Delayed return to growth for Russia and neighbours, IMF warns

By bne IntelliNews October 6, 2015


The IMF now sees the Russian economy contracting by -3.8% y/y in 2015, moderating to a -0.6% decline in 2016, and recovering to modest 1.5% growth by 2020.

Notably, the IMF now expects a postponed return to growth, whereas in the summer the fund still expected a recovery to 0.2% GDP growth in 2016 after a 3.4% y/y contraction in 2015. This is despite broad expectations of growth rebounding in 2016 in emerging market and developing economies.

The IMF forecasts "mostly a less deep recession or a partial normalisation of conditions in countries in economic distress in 2015" (including Russia), spillovers from the stronger pickup in activity in advanced economies, and the easing of Iran sanctions to contribute to 2016 growth.

However, the ongoing conflict in Ukraine has led to larger than expected decline in GDP in Russia over H2/15, as well as deeper than forecasted recession in Ukraine, the report said.

The fund attributed further contraction in Russia in 2015 to the interaction of falling oil prices, international sanctions, and unaddressed pre-existing structural weaknesses. The recession in Russia also results in spillovers for the whole of the CIS, facilitated by a "very sharp" contraction in Ukraine.

Through trade, foreign direct investment, and especially remittances, coupled with lower commodity prices, knock-on effects from Russia will also hold back the Caucasus and Central Asia, the IMF warns. Russia is also among the countries that do not see moderating effects of lower prices for oil, other commodities, and food on inflation, due to sizeable currency depreciation.

The IMF's inflation forecast of 14.5% for 2015 is more pessimistic than the 12-13% forecast by the Central Bank of Russia (CBR), but the fund also sees a considerable moderation to 8.5% in 2016. However, some of the IMF's assumptions in the outlook are outdated: the fund bases its forecast on the oil-price-based fiscal rule introduced in December 2012, which was recently abandoned by the Russian government as it adopted one-year budget planning instead of three amid the current fiscal squeeze.

Russia's Ministry of Economic Development has revised its GDP decline forecast for 2015 to -3.9% y/y from -2.8% y/y, minister Alexei Ulyukayev said at an investment forum in Sochi on October 2. The ministry expects the economy to recover to 0.7% y/y growth in 2016.

The revision is notably more pessimistic than the -3.3% y/y decline that Ulyukayev had previously suggested, and now even exceeds the latest -3.8% contraction forecast by the IMF and the World Bank (WB).

The World Bank worsened Russia's baseline GDP outlook for 2015 to -3.8% in its latest country report published on September 30. The reduction was mainly due to the continued impact of lower oil prices and ongoing international sanctions, the report said.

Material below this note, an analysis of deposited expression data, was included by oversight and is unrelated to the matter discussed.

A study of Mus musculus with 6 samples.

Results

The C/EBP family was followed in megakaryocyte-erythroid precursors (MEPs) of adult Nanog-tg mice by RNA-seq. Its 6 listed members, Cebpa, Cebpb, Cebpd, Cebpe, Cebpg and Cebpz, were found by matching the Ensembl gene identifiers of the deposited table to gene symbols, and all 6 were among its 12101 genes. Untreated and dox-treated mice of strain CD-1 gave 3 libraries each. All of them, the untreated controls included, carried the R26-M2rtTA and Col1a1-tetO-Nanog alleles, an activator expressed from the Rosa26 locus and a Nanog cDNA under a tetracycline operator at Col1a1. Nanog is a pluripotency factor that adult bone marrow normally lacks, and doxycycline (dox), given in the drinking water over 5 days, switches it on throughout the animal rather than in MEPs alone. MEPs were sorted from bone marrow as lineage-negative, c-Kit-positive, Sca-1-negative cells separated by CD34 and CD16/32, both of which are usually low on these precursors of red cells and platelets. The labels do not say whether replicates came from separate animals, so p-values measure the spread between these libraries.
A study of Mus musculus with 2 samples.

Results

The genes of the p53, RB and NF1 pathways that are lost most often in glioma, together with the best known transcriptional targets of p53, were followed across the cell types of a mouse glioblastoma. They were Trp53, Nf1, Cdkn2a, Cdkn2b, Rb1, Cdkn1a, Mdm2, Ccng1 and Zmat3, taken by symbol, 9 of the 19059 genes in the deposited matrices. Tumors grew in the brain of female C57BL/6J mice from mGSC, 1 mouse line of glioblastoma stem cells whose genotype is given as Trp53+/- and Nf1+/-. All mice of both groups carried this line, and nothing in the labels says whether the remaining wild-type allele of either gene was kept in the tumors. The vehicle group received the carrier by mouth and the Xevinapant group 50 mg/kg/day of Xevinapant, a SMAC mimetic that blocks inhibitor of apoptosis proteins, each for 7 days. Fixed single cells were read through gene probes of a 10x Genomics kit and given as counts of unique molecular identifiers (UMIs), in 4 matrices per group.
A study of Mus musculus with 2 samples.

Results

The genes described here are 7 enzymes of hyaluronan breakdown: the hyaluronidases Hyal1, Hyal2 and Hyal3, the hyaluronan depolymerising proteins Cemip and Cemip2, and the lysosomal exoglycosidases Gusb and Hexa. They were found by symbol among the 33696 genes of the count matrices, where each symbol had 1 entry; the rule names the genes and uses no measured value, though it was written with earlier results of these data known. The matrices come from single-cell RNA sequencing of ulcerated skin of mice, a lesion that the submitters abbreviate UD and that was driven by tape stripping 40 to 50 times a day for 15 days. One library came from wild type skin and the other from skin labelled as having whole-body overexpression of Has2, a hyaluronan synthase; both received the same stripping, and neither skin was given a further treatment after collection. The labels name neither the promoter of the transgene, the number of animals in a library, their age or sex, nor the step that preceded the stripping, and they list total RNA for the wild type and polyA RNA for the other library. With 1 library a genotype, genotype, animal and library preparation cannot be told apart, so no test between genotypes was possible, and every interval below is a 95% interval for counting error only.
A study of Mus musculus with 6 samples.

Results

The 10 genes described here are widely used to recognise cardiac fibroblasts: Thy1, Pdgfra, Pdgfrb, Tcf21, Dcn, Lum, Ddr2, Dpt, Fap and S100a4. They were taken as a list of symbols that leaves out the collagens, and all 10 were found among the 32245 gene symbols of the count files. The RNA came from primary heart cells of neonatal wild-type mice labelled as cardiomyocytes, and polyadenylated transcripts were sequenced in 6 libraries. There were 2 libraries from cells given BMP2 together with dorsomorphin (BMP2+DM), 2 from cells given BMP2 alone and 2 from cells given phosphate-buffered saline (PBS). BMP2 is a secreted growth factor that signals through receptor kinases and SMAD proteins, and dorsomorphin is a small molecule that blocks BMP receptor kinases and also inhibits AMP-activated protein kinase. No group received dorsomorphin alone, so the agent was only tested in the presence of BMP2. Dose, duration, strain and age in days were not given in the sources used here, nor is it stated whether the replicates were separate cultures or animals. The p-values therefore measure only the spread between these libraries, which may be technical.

The WB brought attention to the risk of sharply increasing poverty rates, as recession is having a severe impact on households and double-digit inflation erodes wages and income.

Ukraine plight outpaces forecasts

The IMF sees Ukraine's economic contraction at only -9% in 2015, according to its World Economic Outlook released on October 6 - but the country's current plight rendered the forecast out of date upon its publication on October 6. An IMF press release a day earlier already downgraded the GDP forecast from -9% to -11%.

First the good news: "Following a deep recession, macroeconomic stabilisation is gradually taking hold. The exchange rate has been broadly stable, hryvnia deposits are rising, and inflation is receding," reads the IMF press release of October 5.

"Despite these positive developments, in view of the larger than expected economic decline in the first half of the year, the [Ukraine] mission revised down growth projections for 2015 to -11%. Growth is expected to reach 2% in 2016, supported by recovering consumer and investor confidence, improved export performance, and a gradual easing of credit conditions," the IMF statement said, thereby setting a 2% worse GDP prognosis than in the subsequently published report.

The World Economic Outlook foresees 2% growth in Ukraine in 2016, as does the press release of October 5.

Consumer price inflation will drop from a devaluation-caused 50% in 2015 to 14.2% in 2016, according to the World Economic Outlook figures. Despite the over 50% devaluation in 2015, the current account in 2016 will remain negative at 1.6% of GDP, marginally down from -1.7% predicted for 2015. Unemployment will drop only marginally from 11.5% in 2015 to 11% in 2016, according to the outlook report.

The IMF sees Ukraine being hit over the long term by the decline in global metals prices. "The balance between weaker demand and a steady increase in supply suggests that given the existing cost structure, metal markets are likely to experience a continued glut, leading to a low-for-long price scenario," the WEO finds.